Turkish President Recep Tayyip Erdogan on Wednesday described a U.S. indictment against Turkey’s state-run Halkbank as “unlawful” and “ugly.”
“This is just another sign of how emotional these issues have become.
“One would think that this business was over. Now they have taken an unlawful, ugly step by reopening this (case),” Erdogan said in parliament, according to state news agency Anadolu.
The indictment raises tensions between the NATO allies after Washington already imposed some sanctions on Ankara over its incursion in Syria, which the U.S. allowed.
“We will see what decisions they make. We will finalise our own measures based on these,” he added.
On Tuesday, U.S. prosecutors charged Halkbank with participation in a multi-billion-dollar scheme between 2012 and 2016 to evade U.S. sanctions on Iran.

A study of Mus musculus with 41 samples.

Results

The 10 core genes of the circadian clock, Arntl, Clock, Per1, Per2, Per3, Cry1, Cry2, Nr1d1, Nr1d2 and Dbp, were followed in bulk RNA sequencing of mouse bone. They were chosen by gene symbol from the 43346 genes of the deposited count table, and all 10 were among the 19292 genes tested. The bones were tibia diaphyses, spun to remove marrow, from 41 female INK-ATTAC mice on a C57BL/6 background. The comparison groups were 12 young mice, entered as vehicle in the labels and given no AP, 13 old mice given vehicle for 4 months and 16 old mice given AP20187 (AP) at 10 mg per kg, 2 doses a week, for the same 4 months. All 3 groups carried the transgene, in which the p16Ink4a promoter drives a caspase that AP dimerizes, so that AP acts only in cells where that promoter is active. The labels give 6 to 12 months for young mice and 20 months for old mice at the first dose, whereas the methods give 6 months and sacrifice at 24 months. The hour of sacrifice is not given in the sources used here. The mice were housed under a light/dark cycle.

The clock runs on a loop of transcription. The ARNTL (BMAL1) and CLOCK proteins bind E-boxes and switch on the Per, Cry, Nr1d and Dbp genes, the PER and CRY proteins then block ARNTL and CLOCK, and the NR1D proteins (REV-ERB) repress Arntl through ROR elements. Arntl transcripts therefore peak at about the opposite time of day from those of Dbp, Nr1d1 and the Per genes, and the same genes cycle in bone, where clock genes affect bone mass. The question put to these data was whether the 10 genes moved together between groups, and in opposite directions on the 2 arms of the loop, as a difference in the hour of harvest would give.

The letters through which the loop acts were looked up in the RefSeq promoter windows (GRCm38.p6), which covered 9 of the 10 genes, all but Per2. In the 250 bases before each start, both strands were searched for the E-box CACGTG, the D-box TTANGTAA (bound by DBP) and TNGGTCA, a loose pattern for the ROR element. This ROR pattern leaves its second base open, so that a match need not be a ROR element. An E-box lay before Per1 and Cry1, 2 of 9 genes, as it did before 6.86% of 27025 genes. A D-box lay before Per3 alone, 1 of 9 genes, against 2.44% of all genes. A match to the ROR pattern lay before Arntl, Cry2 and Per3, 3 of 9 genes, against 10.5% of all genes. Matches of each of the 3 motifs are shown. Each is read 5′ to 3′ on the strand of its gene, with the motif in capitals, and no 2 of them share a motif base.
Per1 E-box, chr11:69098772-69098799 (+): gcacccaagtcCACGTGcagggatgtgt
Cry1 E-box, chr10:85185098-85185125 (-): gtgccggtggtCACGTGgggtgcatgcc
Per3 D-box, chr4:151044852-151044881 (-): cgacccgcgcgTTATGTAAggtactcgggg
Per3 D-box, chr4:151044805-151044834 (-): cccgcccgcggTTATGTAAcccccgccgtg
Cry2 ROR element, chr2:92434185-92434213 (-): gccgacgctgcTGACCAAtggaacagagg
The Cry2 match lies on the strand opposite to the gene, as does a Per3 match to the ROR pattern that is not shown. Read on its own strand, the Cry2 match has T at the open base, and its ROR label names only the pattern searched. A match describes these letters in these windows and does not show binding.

It allegedly involved masking money transfers as gold sales to work around sanctions imposed by Washington on Tehran over its nuclear programme.
“Halkbank’s systemic participation in the illicit movement of billions of dollars’ worth of Iranian oil revenue was designed and executed by senior bank officials,” said U.S. Attorney Geoffrey Berman.
“High-ranking government officials in Iran and Turkey participated in and protected this scheme,” prosecutors said in the 45-page indictment.
The U.S. indictment “comes in spite of the independent investigation findings demonstrating the bank’s innocence,” Halkbank said on Wednesday.
It rejected involvement “in any secondary U.S. sanctions violations.”
Halkbank said it will take legal action against what it called “an unwarranted case under international law.” It said the indictment was an attempt to “discredit” and “damage” the bank.